My children attend a lovely school which requires that we attend camp each fall. While intellectually I see the point of such an experience, as one mother so eloquently put it, I’m a cynical camper. I do not like moving to the center of a large group circle for any real reason even if it is only to identify that I am wearing stripes instead of polka dots. I prefer to stand on the sidelines and melt into the edges of a gathering. I was never a stage person or one to play games. I didn’t even like group work when I was in high school. Even the mention of the term sent me reeling down the path of OhGodPleaseNO.
I am extremely social. Probably to a fault. I love people, I love learning what makes them tick. But at my core I am an introvert. Put me in a situation where I have to go out on a limb in front of a large group of people, some of whom I barely know, and I’d rather take a stick in the eye. I’m sure this has everything to do with feeling vulnerable and how I never got cozy with that particular brand of vulnerability but, holy hell, camp nearly kills me.
There are lots of group activities at camp. Lots of being uncomfortable in the name of getting to know one another. Lots of opportunities for me to want to run and cover, duck my head in the sand and come up when it is all over.
The first year I went, Eliza was in kindergarten. I was so ill at ease that trip that I nearly had an anxiety attack. I never knew where I was supposed to be at any given time, I never seemed to have on the right clothes at the right moment. I could never find my water bottle. Last year, I made Seth go. He is, after all, a seasoned camper. He went to summer camp each year for like a month and has nothing but fond memories of horseback riding on the California coast. So, perfect, I thought. He’s one of those people. He’ll be fine. And he was. I was too, far, far away from all that bonding.
This year schedules conspired against me and it looked as though I was going to be the accompanying parent at camp. I took a few deep breaths, resigned to kayak in my jeans so as not to show up in a bathing suit during dinner this time and made sure my water bottle was in sight at all times. I unloaded sleeping bags and found batteries for headlamps. I helped kindergartners paint trees on boards and watched in pure delight as Lucille unwrapped a beanie baby given to her by her kindergarten teacher. This teacher never fails to bring magic with her wherever she goes and she did not disappoint my five-year-old who has her heart wide and open to this new experience.
I tried to take a cue from Lucille and give in just a little to all that was happening around me. She was, along with her sister, the reason I was there, even if uncomfortably. Sometimes we have to stretch, I thought. I was stretching. Swear.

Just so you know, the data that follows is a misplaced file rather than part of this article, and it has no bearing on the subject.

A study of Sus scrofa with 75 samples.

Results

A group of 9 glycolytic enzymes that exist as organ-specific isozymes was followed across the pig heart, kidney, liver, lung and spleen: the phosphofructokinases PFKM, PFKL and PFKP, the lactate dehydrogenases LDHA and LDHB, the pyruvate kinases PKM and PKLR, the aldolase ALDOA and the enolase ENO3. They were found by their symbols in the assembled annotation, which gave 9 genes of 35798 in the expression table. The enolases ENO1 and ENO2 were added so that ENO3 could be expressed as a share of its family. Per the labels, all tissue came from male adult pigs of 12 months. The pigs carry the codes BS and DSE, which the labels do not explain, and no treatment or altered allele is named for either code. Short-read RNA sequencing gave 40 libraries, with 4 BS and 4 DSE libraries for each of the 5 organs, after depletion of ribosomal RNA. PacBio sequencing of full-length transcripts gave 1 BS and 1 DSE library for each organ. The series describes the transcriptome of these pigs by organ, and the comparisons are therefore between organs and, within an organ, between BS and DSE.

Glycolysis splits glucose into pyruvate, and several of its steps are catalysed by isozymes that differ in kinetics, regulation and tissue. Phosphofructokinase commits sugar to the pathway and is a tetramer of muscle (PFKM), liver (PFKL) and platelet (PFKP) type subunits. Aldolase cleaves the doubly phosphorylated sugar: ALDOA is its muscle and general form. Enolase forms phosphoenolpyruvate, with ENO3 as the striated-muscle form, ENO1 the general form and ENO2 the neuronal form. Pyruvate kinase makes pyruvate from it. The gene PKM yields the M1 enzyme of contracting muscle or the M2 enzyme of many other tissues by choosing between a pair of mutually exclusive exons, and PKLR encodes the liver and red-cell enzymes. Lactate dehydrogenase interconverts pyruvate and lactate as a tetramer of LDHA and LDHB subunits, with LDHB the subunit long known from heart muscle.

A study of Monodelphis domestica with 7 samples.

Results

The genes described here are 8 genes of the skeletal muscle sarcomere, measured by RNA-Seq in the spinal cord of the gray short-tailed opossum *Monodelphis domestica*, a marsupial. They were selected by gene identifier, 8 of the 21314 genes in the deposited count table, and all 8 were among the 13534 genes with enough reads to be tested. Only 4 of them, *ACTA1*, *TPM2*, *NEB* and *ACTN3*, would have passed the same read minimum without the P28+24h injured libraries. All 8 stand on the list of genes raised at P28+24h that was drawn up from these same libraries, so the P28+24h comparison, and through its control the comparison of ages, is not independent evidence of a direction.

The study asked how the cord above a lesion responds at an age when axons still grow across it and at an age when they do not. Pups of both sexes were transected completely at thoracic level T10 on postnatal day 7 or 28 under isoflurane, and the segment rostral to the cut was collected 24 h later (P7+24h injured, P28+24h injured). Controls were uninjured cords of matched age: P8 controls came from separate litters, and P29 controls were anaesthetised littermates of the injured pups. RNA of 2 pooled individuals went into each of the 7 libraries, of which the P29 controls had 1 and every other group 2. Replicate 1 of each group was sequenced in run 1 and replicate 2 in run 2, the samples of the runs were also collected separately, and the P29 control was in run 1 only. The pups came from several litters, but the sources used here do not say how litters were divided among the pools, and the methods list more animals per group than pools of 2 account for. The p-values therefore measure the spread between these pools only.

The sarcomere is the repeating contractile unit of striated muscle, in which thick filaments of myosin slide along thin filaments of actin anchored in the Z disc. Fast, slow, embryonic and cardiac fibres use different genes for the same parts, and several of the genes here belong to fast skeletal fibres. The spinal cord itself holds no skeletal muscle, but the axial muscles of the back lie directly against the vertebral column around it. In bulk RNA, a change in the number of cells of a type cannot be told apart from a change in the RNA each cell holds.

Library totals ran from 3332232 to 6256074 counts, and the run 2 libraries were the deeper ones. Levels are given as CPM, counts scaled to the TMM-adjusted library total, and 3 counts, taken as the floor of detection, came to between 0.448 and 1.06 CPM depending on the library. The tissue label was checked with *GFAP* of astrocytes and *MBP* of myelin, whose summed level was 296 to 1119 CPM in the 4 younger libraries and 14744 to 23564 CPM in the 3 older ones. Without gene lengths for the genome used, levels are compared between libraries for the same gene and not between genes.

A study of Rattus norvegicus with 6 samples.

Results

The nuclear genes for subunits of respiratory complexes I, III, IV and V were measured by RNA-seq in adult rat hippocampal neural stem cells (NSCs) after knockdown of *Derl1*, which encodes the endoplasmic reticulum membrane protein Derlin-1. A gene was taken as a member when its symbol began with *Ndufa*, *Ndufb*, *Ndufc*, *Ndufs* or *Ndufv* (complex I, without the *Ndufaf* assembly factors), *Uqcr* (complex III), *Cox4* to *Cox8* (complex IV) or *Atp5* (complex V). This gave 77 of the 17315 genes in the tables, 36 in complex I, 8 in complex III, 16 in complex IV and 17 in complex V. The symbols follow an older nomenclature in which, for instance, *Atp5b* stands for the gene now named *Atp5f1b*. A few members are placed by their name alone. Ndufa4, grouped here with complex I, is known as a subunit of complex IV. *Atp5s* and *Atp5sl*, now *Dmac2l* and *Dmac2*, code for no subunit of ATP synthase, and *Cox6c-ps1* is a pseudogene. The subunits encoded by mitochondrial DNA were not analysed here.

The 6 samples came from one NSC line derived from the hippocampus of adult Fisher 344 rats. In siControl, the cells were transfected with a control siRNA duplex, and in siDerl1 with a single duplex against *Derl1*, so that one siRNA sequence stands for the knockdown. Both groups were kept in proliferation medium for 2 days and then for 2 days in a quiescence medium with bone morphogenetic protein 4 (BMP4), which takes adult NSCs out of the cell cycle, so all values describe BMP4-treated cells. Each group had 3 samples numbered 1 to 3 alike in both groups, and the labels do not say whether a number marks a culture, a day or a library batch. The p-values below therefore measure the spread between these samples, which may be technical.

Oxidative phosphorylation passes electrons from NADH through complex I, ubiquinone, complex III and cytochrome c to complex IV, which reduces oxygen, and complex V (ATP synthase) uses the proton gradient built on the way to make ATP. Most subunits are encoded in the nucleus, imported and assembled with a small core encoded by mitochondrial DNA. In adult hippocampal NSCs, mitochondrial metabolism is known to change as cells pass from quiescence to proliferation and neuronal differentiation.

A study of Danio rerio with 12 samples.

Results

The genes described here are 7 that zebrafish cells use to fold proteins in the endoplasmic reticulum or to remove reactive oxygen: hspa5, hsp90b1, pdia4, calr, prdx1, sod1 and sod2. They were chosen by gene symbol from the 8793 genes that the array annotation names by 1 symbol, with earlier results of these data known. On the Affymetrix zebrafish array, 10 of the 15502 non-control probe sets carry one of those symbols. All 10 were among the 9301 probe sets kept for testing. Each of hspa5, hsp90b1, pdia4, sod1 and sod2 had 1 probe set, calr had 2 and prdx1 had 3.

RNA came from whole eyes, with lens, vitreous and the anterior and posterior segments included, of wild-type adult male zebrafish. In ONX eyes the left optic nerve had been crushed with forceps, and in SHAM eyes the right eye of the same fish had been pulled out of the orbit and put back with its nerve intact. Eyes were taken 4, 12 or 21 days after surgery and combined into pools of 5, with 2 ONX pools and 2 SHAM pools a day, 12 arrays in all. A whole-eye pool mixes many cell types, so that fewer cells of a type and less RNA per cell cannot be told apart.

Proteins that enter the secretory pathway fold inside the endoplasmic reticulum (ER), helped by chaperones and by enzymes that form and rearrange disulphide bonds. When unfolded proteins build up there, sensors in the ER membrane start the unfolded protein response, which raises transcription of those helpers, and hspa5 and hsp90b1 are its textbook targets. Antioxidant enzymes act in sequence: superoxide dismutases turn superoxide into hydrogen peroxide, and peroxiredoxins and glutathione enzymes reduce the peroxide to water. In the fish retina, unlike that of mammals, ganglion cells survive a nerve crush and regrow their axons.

Somewhere along the way, I realized I was having a good time. I looked around at the parents who there, some of whom I’d known forever, some I’d just met and realized that I have a high level of trust with these people. I knew they had my back and my kids’ best interest in mind. They were my eyes and ears when I was supposed to be in two places with two different kiddos at once. They were the ones who checked on Eliza when she took a tether ball to the nose and the ones who helped Lucille fill her treasure bowl with sea glass. With both kids tucked into activities in the late afternoon, I even participated in a few parent initiatives, one which involved wandering blindfolded toward the beat of a drum. I got there eventually and the whole experience didn’t kill me. This, I suppose, is the point.
By the time the evening rolled around the kindergartners took a canoe trip across the lake. A few little ones didn’t see the boats launching so a couple other parents and I rowed them across to catch up with their class. Eliza went along in her own kayak. She paddled there and, realizing she had to paddle back, started whining. I put my boat close to hers and gave her the pep talk I’d been giving myself since we got to camp.
“Sometimes we have to do things we don’t want to do, things we think we can’t do,” I said. “You can do this. The shore is closer with every stroke.”
She pulled it together and paddled her way back to shore. Just shy of the beach, when she knew she was going to make it, she started talking about how far she’d come.
“I went all the way over to that owl on the other bank mama,” she said. “Can you believe I paddled all the way there and all the way back?”
Yeah, baby, I can believe it, I thought. Because you are one amazing kid and I am your mama and we are here, together, bobbing on waves, large and small, moving forward one stroke at a time.
Fall in love with Jennifer Savage every Monday on Mamalode. Click here to read more of her stories.